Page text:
After alerting regulators to a second fire in a matter of days tied to a falling tree hitting one of its lines, PG&E promised Tuesday to act more quickly to shut down its system at the first sign of trouble in high fire threat areas.
The July 13 Dixie Fire, which has grown to a quarter million acres and is still raging, began several hours after a Douglas fir fell onto PG&E’s Bucks Creek 1101 line in the remote Feather River Canyon.
Critics have since faulted PG&E for not shutting down the line immediately after two fuses blew, cutting power to a nearby dam that morning.
When a lineman arrived several hours later, he found a fire had just started, apparently by the leaning tree hitting the still-live line. The decision to leave the power on came despite the fact that PG&E ranked Bucks Creek near the top of the company’s list for fire danger.
In its notice to state regulators, PG&E said it had picked up "alarms and other activity" that lasted for 80 minutes before power was partly cut on its Gansner 1101 power line the evening of July 22. It is unclear whether PG&E dispatched a technician or what triggered the partial shut down, however.
The ensuing Fly Fire, which erupted near Butterfly Valley Twain Road and Highway 70, soon merged with the Dixie Fire. PG&E told regulators on Monday that it was on hand when the U.S. Forest Service moved a tree that had been found resting on the Gansner Line.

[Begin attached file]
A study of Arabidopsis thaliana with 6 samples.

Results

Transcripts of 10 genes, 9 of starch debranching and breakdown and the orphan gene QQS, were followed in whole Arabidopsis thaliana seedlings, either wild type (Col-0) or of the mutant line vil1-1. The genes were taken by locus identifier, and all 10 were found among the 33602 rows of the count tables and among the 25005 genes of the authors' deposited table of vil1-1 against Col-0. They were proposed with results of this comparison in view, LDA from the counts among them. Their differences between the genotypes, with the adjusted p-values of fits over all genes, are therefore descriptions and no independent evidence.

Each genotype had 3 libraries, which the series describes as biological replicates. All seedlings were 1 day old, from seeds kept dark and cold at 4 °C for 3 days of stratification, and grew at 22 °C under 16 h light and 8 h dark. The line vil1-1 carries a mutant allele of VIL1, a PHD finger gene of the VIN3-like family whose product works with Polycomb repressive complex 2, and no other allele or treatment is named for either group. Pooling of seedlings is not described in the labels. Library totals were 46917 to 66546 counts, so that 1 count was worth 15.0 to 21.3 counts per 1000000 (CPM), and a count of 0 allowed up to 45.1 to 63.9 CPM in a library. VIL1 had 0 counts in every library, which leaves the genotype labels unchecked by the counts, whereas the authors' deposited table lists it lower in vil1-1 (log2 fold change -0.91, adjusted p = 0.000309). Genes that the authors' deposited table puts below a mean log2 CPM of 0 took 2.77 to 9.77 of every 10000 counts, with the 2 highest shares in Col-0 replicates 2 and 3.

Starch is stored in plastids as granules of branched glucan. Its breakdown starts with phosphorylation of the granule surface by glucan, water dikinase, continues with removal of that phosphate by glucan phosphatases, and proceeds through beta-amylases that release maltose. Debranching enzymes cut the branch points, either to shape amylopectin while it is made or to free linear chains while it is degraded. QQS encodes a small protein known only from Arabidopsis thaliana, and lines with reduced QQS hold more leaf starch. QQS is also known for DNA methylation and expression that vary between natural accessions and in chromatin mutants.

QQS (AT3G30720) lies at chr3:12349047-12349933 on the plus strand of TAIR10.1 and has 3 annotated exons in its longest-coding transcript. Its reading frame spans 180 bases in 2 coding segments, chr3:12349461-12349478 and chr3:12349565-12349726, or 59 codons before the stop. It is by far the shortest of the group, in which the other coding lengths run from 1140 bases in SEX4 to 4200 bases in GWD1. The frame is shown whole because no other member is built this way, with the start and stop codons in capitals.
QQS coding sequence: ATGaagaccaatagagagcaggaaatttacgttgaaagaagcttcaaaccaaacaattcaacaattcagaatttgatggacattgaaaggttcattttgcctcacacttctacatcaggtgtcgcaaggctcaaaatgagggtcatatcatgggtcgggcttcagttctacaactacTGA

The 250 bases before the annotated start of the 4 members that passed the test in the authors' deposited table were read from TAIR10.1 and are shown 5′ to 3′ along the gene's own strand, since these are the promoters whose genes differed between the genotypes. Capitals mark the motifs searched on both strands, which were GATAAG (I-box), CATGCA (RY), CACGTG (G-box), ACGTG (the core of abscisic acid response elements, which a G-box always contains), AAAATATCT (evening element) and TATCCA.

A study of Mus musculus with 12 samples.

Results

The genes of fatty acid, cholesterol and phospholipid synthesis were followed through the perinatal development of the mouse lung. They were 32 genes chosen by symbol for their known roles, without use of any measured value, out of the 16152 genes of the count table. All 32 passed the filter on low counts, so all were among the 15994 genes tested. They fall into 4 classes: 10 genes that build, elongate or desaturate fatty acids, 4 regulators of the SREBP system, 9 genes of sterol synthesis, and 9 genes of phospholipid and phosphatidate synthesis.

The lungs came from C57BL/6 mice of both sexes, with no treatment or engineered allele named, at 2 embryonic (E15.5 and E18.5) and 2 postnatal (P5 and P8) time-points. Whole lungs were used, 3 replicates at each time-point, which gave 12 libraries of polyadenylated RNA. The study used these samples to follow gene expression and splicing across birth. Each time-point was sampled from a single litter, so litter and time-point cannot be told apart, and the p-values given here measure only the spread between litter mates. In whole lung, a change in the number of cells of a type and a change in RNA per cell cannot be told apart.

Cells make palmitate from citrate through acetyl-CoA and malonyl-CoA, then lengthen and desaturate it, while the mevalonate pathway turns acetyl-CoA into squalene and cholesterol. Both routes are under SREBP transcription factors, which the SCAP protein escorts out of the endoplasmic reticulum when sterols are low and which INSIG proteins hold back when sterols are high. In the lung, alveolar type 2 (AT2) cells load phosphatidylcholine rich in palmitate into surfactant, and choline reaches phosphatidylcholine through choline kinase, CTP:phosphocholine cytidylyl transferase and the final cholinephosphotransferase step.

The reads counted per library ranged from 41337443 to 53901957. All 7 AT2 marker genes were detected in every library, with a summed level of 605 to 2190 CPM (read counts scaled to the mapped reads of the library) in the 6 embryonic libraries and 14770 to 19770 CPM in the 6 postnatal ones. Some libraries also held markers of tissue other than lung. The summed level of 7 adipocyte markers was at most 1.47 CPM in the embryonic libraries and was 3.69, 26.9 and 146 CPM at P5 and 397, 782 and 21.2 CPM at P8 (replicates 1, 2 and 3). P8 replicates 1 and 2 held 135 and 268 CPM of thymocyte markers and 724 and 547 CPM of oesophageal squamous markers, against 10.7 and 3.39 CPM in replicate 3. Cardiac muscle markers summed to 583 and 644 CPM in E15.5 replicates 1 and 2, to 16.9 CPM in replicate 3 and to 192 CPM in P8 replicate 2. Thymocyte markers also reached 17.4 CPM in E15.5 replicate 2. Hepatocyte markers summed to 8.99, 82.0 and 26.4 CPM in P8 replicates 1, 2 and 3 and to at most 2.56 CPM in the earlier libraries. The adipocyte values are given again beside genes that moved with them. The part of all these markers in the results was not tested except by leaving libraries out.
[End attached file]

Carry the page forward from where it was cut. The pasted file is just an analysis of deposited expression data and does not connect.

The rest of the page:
On Tuesday, PG&E announced changes to how it deals with trouble signs on its system. It said for the rest of this fire season, it will aim to respond to reported faults or outages in high fire areas within 60 minutes or less, equivalent to an emergency priority call.
The company also announced it plans to recalibrate the sensitivity of its fault-sensing equipment to activate earlier, at the first sign of a fault or other trouble, to automatically shut down the power at the trouble spot. The goal, the company said, is "to prevent potential arcs and sparks that could result in fire ignitions."
In the Dixie Fire, PG&E has said the fluctuation that morning lasted only a fraction of a second, not long enough for the normal settings of its automatic equipment to trigger and shut off the line. That meant that while two fuses cut power on the circuit, a third wire was still energized during the hours before the lineman’s eventual arrival.
The company says resetting its shutoff threshold levels could mean more local outages, but stressed "it is an important step to keep PG&E’s customers and communities safe."
For the most at-risk circuits – like one tied to the Dixie Fire – PG&E says it is stepping up safety patrols to spot and counter drought related threats to its system.
"We will be tenacious in our efforts to stop ignitions from our equipment," CEO Patti Poppe said in a statement announcing the changes. "We recently announced our initiative to underground 10,000 miles of overhead power lines, which will significantly reduce the risk we face in the years to come. Today, we are outlining additional safety actions to combat the real and evolving wildfire threat present today."